How to Hang Fabric to Hide Basement Walls


Damp Don'ts

  • When fabric and dampness get together, mold is born -- and a moldy basement is not a healthy place to hang out. Before hanging fabric on basement walls, rectify any moisture issues. If the space is too humid simply because of temperature changes or dankness, a space heater or dehumidifier should help; for serious dampness or mustiness, look at improving ventilation.

    If water seeps through wall or floor cracks, filling them with mortar may only provide a bandage; the exterior walls might need to be resealed, or the drainage, improved, such as with drain tile to carry rainwater away from the foundation.

Ready-to-Hang Fabric

  • Curtains aren't just for windows -- think of them also as ready fabric walls. Although masonry wall anchors provide secure screw housing for mounting curtain rods on concrete or brick walls, look up for another option. You may be able to screw ceiling-mount drapery rods to overhead joists.

    If they're sufficiently full and thick, the wavy effect of ceiling-to-floor curtains creates almost insulation-like warmth, blocking at least some of the chill that can come from unfinished walls and disrupt your low-level retreat's comfort.

Stick It to Them

  • Crinkly fabric-covered walls look much homier and chic than rough, exposed concrete. Liquid fabric starch acts as the glue to secure fabric panels to the wall in wallpaper-like fashion. Mix things up by using a patchwork or wall-tile design of pleasantly contrasting patterns and colors. Paint gray concrete white, so it won't discolor semi-transparent material.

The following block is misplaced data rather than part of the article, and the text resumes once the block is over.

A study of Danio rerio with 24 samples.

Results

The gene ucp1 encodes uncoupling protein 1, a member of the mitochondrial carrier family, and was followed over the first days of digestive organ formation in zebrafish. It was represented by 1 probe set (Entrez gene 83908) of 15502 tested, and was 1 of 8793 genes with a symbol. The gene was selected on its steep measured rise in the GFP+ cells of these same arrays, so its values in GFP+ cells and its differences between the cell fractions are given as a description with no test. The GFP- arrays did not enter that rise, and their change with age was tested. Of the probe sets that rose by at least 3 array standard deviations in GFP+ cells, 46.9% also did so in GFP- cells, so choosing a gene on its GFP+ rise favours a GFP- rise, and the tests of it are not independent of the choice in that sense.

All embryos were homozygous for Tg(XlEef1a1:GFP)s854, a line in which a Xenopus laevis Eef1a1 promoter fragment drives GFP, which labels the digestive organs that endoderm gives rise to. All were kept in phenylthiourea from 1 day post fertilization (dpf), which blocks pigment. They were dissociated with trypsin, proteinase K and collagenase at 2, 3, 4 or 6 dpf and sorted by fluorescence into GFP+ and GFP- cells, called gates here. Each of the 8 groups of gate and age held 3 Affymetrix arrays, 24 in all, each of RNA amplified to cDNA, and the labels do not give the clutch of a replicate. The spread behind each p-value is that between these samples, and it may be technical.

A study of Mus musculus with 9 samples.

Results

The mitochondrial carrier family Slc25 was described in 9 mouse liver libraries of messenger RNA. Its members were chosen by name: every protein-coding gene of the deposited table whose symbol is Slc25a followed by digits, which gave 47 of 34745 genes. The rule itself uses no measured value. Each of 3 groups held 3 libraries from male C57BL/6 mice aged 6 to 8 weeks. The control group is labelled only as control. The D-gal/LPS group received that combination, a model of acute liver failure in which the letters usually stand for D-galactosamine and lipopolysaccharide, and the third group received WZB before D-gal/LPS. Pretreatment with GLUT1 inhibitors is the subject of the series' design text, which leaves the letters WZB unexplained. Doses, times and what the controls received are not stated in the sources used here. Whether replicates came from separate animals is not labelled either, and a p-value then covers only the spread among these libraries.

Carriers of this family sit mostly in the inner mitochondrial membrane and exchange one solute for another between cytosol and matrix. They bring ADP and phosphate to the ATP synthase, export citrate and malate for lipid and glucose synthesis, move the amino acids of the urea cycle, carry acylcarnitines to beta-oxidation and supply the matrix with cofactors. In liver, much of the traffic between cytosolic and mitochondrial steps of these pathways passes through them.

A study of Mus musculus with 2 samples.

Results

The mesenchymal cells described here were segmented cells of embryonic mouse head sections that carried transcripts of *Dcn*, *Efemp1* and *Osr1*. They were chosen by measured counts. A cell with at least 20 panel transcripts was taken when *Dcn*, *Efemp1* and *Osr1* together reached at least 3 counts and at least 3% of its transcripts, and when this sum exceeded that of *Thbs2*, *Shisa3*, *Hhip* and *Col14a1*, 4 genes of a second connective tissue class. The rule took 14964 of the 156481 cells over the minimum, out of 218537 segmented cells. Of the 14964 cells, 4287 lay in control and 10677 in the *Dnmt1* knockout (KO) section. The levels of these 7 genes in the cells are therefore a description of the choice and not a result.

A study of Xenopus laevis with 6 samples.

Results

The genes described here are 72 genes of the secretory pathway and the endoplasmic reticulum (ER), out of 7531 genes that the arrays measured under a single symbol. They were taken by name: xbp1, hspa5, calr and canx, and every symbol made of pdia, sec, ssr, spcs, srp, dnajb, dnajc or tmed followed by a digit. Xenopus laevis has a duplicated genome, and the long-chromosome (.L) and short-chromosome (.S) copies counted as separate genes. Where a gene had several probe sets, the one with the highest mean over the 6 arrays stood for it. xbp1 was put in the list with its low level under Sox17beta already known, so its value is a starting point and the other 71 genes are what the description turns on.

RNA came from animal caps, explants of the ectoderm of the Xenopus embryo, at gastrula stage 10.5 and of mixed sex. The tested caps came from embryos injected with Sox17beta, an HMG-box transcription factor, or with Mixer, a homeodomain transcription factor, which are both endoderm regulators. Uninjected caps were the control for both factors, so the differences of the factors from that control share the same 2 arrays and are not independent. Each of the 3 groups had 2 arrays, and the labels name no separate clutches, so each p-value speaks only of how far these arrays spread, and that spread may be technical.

Alternatively, adhere fabric smoothly to lightweight foam-insulation panels, and mount the panels to the wall with caulking -- the foam-board adhesive type -- or use double-sided tape for a more temporary wall treatment. This effect can appear more prim than crinkled fabric, and the foam makes the room's temperature more inviting.

Staple-Hung Panels

  • In the partly finished basement with framed walls, but no drywall, introduce your fabric to a stapler to cover the exposed studs. Measure and cut fabric panels a little long -- you can trim any excess from the bottoms when they're in place. Work from a corner out and from the top down, until the wall is fully covered.

    If you prefer a draping effect, wrap the top end of each fabric panel around 1-by-2-inch strapping, and mount the strapping end to end along the top of the wall. Weight the panel bottoms or tack them to studs to keep the fabric flat.